Picture this. You’re a secret agent working for the CIA. You’re trying to access highly sensitive documents locked away deep in an underground vault. You arrive on location, an unsuspecting, shack out in the Mojave Desert. To enter, you need a key. You wrestle it out of the depths of your left pocket (along with some lint), and with a turn of the wrist, you’re in.
Now, where’s the vault’s entry? You look around, opening cabinets and doors. You’ve ripped the place apart, but when you check the closet — it’s locked. Under the rug, there’s a keypad. Great. You type in the passcode. Click. There it is, the vault’s entry. To gain access, you scan your…someone’s fingerprint. No problem. You’ve proven your identity and the vault door opens revealing a set of stairs. You’re so close, you can taste it.
After descending the stairs, there’s another authentication mechanism. This time, it’s a voice recognition test. “Open sesame,” you say (man, they should really get more creative). After a few seconds, the door slides away revealing a room full of highly classified documents. Success. You’re in and can get the information you need to complete your mission and stop a foreign government launching missiles on a defenseless, third-world country.
Great. That was a nice break from reality… But how does this concept relate to your business? Simple. Multifactor authentication (MFA) protects your business data just like these various passcodes and scanners protected the government’s sensitive documents. How? MFA is a form of access control that allows an end user to gain entry to their computer, an application, or database only after providing several forms of identification to an authentication mechanism. The information they provide will be personal to them: a password, fingerprint, text message, etc. This ensures that only the individuals you want to have access to your sensitive data will.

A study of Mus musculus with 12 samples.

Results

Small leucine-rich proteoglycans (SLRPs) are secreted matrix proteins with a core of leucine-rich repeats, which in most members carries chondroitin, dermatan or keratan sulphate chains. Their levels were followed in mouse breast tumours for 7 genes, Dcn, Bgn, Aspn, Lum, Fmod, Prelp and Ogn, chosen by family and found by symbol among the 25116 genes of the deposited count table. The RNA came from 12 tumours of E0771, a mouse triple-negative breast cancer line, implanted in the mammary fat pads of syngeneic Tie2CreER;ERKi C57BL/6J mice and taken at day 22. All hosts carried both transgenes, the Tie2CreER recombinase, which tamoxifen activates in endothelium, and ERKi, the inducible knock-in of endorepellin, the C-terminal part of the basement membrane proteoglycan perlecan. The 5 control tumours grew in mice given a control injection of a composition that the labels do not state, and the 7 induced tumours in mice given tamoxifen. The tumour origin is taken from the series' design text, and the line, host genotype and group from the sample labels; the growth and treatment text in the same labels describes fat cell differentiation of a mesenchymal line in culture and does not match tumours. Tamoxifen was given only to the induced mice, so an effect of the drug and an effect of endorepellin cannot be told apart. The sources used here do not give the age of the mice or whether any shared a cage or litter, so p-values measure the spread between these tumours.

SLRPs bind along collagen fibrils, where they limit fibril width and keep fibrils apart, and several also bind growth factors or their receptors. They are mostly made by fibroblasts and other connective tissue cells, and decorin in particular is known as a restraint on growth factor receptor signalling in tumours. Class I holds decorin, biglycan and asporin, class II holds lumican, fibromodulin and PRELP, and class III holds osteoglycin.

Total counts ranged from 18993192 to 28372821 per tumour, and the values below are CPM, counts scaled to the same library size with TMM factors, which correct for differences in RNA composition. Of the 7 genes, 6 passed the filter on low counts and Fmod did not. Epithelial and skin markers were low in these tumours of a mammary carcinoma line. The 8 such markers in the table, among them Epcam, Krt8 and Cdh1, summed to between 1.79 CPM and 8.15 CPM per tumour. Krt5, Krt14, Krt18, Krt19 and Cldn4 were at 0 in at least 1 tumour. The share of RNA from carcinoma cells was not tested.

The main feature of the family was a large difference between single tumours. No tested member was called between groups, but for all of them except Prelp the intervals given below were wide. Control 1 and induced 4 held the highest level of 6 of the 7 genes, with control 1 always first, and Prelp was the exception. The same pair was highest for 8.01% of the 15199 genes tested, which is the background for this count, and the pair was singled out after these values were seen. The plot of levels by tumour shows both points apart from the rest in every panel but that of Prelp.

In the last 12 months, 75.6% of organizations encountered at least one successful cyber attack. That’s not surprising considering another report showed that only 25 different passwords were used in over half of 10 million compromised accounts, with 17% of these passwords being “123456.” If you don’t have a strong password or other authentication mechanisms protecting your data, cybercriminals are much more likely to gain access to your network.
While it may not be a secret agent or government organization trying to protect data that could possibly bring on World War III, your business does have sensitive information that it’s in its best interest to keep safe. Data breaches can lead to customer loss, reputation damage, downtime, compliance fines, and more. Experiencing any one of these consequences is frustrating and has the potential to bring down your business.
Good news is, you can avoid them by adopting multifactor authentication solutions in your daily business. A trusted managed service provider (MSP) can help your company determine the best MFA protocol to protect your sensitive information. If you have any questions or want to learn more about how your organization can successfully incorporate MFA into their network security strategy, reach out. At DMS, we want to help you protect your data.